From time to time I have letters of quiet and patient bewilderment from members, especially new members of my large Student Family. They say, in effect: “I have always tried to live a good life; I was brought up in a Christian home; I went to Sunday school and church; I try to serve God and to help my fellow men and women whenever I can yet I have had all kinds of misfortunes. It does shake my faith so much, yet I am trying to hold on and to believe that, in some way, it is all for the best. Perhaps God is testing me to see how much faith I have, or perhaps He has some other reason for sending me all these trials. I can only try to believe that He knows best . . .” When I receive letters like this, I want to say: “But God knows what measure of faith you have, so He does not need to test you.” (Sometimes I do say this, if I think the writer will be capable of understanding.)
It is certainly a fact that, with some people, however earnest they are, things seem to be stopped for them in some curious way. Their ambitions remain unrealised, their desires seem always a little way off from them, and never reached, their brief spells of happiness seem to fizzle outin fact, nothing seems to go just right with them. I believe that, in many cases, it is because they have not wholly answered the invitation in the Scripture:
“My son, give Me thine heart.” (Prov. 23, 26.) “But I have,” I hear many such people saying. “I have loved God all my life.” To which I reply: “But to ‘give your heart’ does not entail love only.”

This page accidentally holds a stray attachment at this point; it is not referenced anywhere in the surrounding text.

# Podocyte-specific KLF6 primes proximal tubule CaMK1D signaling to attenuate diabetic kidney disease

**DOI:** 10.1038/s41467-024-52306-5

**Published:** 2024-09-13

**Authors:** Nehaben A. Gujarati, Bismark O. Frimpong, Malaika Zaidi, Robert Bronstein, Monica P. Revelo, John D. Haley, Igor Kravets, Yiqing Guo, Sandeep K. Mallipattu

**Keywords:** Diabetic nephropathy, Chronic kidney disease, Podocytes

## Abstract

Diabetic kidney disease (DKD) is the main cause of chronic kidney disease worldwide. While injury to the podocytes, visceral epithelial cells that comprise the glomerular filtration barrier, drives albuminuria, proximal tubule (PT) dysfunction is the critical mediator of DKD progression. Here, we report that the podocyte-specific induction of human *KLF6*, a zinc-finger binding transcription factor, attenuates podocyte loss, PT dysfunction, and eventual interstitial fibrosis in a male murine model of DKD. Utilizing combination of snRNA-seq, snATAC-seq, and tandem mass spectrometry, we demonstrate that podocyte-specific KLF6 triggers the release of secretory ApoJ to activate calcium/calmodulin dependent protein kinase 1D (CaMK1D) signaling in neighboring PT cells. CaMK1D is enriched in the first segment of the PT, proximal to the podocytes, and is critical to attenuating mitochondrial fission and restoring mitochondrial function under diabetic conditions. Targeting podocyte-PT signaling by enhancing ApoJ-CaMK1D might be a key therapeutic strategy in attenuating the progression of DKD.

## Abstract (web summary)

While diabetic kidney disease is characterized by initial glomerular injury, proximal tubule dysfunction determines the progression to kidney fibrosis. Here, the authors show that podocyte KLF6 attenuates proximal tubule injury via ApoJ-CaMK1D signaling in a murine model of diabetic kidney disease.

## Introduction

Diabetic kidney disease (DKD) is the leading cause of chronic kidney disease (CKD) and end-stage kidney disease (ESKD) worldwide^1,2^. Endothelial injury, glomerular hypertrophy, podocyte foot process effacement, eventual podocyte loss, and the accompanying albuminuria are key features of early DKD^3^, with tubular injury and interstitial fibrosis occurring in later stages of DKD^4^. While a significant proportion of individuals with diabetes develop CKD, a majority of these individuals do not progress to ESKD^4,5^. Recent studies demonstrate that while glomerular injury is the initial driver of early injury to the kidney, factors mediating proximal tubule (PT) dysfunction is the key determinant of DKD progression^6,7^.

Let us look at the other meaning of the word “heart” as used in sacred literature. We will soon come to see that it means the inner mind with all its hidden workings and halfforgotten memories. For example: “The fear of thine heart, wherewith thou shalt fear.” (Deut. 28, 67.) “Thou shalt not hate thy brother in thy heart.” (Lev. 19, 17.) If thy heart turn away, so that thou wilt not hear . . .” (Deut. 30, 17.) “Whosoever shalt not doubt in his heart. . .” (Mark 11, 23.) You see, don’t you, that this meaning of the word ” heart” is certainly not “love”? It refers to the inner mind very clearly, doesn’t it ?
Now take another look at that invitation and you will see its meaning more plainly: “My son, give Me thine heart.” God is inviting us to give Him our inner minds, to turn over all the deep motives, the halfforgotten fears, the rigid clinging to thoughts of selflove, so often covered by a façade of outward charity, the fear of death, the doubts about eternity, the unwillingness to ask for God’s will in our lives lest it should not be so pleasant as our own willyou know, all those kind of things. He wants us to really love Him, in the sense that we will joyfully and willingly abandon all our reluctance. So often we think, in the early stages of our growth, that we do know much better what will make us happy than God does. Yet every time we override Him and take our own idea of happiness, it recedes from us and we find we have lost still more.
So you see, it’s because God wants to give still more than that. He asks us to give Him all our inner minds, fears and all. People who have always tried to live a good life have often done so with fear mixed into their loveand the fear wars with the love, causing much conflict. The way of peace and joy is truly to delight in Him . . . “and He shall give thee the desires of thine heart.” (Ps. 37, 4.) Of course Because the heart, or inner mind, is resting happily in Him, with no selflove, reluctance, rigidity or fear left. His Love has dissolved it all away and His Great Power comes sweeping through, bringing miracle after miracle of heart’s desire into our lives. If you have a block anywhere which is preventing you from realising your heart’s desire, do not doubt God’s Love for an instant.
Instead, seek humbly for the block and cast it out. Then the blessings will flow ! “Thou wilt keep him in perfect peace whose (inner) mind is stayed on Thee, because he trusteth in Thee.” (Isa. 26, 3.)